North Korea Nuclear Threat: Why Re-Deploying Nukes to the Peninsula is a Bad Idea
Foreign Policy's Bennett Ramberg wrote a recent article, arguing for the re-deployment of American nuclear weapons to the Korean Peninsula in an effort to check North Korea's nuclear program and belligerent foreign policy. China might balk, Ramberg postulates, but such a move would also temper South Korea and Japan from developing their own nuclear programs in turn. Such a development would make the already complex security situation in South East Asia even more complicated. However, re-introducing nuclear weapons to South Korea would have counter-productive effects and worsen and already volatile reality with nuclear proliferation in the region.
Having a mini-version of MAD happening in one of the world's critical regions, where a game of atomic chicken could functionally lead to a domino effect of military nuclearization is a reality that would immeasurably heighten the risk of a conflagration and — potentially — a nuclear exchange.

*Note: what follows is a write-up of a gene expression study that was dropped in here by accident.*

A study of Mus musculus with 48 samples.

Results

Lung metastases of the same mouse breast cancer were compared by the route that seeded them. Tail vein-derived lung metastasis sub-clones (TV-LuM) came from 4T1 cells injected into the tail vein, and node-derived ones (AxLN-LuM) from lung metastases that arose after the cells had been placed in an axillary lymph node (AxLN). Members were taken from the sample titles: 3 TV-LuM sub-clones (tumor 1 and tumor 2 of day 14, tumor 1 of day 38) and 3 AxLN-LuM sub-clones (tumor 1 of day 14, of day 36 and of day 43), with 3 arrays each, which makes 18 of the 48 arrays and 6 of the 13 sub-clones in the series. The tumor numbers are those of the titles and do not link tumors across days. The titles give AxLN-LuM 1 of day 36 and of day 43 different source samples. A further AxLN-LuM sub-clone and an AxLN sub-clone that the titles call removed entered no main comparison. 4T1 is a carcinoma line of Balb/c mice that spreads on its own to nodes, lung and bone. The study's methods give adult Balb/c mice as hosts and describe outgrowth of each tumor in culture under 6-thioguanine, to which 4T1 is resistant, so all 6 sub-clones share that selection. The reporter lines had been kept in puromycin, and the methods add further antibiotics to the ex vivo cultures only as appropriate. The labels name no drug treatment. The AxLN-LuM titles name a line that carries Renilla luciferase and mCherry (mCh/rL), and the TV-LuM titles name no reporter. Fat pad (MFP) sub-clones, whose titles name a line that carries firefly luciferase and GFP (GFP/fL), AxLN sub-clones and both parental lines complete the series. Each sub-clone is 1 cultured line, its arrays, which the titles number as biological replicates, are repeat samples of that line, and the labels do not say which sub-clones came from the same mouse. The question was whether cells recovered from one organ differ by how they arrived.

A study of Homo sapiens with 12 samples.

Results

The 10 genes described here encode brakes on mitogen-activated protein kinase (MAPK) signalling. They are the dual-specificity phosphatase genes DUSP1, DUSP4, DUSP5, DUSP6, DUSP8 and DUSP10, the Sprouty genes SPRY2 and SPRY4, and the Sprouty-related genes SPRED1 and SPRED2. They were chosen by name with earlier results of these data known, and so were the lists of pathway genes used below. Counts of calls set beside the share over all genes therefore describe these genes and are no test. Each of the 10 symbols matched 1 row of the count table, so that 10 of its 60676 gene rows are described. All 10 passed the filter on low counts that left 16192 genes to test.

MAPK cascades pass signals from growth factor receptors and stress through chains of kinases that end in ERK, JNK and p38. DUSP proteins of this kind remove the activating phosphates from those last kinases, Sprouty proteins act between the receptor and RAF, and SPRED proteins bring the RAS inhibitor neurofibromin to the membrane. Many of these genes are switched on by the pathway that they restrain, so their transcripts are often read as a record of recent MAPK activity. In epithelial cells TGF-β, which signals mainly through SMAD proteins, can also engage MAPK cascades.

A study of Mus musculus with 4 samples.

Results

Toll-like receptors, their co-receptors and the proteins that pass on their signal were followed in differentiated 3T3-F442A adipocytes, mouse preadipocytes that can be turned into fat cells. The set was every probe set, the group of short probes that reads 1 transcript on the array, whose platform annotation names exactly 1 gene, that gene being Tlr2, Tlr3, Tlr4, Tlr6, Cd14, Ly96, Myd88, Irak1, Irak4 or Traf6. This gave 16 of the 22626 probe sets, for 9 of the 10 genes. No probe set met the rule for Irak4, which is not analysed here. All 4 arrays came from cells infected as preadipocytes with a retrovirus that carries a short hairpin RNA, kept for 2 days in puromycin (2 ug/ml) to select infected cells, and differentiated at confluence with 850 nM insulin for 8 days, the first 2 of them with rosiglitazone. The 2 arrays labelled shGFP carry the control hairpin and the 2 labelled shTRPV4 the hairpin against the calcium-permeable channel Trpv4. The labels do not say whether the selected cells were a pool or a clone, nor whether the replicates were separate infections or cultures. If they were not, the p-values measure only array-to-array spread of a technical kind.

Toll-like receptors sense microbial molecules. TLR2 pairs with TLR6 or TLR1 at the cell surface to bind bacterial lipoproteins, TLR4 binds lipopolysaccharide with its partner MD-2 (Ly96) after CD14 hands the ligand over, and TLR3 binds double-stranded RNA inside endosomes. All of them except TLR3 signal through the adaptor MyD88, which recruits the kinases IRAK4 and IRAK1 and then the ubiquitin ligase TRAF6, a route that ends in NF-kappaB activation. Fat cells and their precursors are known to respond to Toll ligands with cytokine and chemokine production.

Ramberg makes one excellent point, that Washington has to accept, that North Korea is a nuclear power. Refusing to do so is a long-term liability, because after North Korea and Iran, other countries will acquire long-range strike capability that can potentially make the United States a target. In such a world, refusing to engage nuclear countries in trying to figure out way to effectively manage nuclear proliferation and the potential development of weapons creates more enemies than friends. Perfect security is inherently impossible and so, having more friends than enemies should be the net balance of foreign policy, including Washington's.
Diplomacy has not worked in the aftermath of the 1991 withdrawal of American bombs from South Korea, as the North has gradually removed itself from international agreement and frameworks to eventually develop weapons, a space program and re-open a nuclear facility at Yongbyon in the face of international opposition and scrutiny. Ramberg dismisses diplomacy at this point as ineffectual, and deploying nukes as the only option left. It is finer than that, however, because heightening tensions and then refusing to talk until the next time the media mentions nuclear war, is not diplomacy.
In order to move forward on North Korea, diplomacy begins with accepting the fact that we cannot stop the spread of nuclear technology and foreign policy must reflect changing realities. In this case, refusing to accept the reality is irrational, because it serves nobody's interest: Pyongyang will continue to show its belligerence, the six-party talks will continue to lead to a dead-end and the risk that the Korean peninsula will explode in war remains high. In the end it is conversations, not guns that settle conflicts.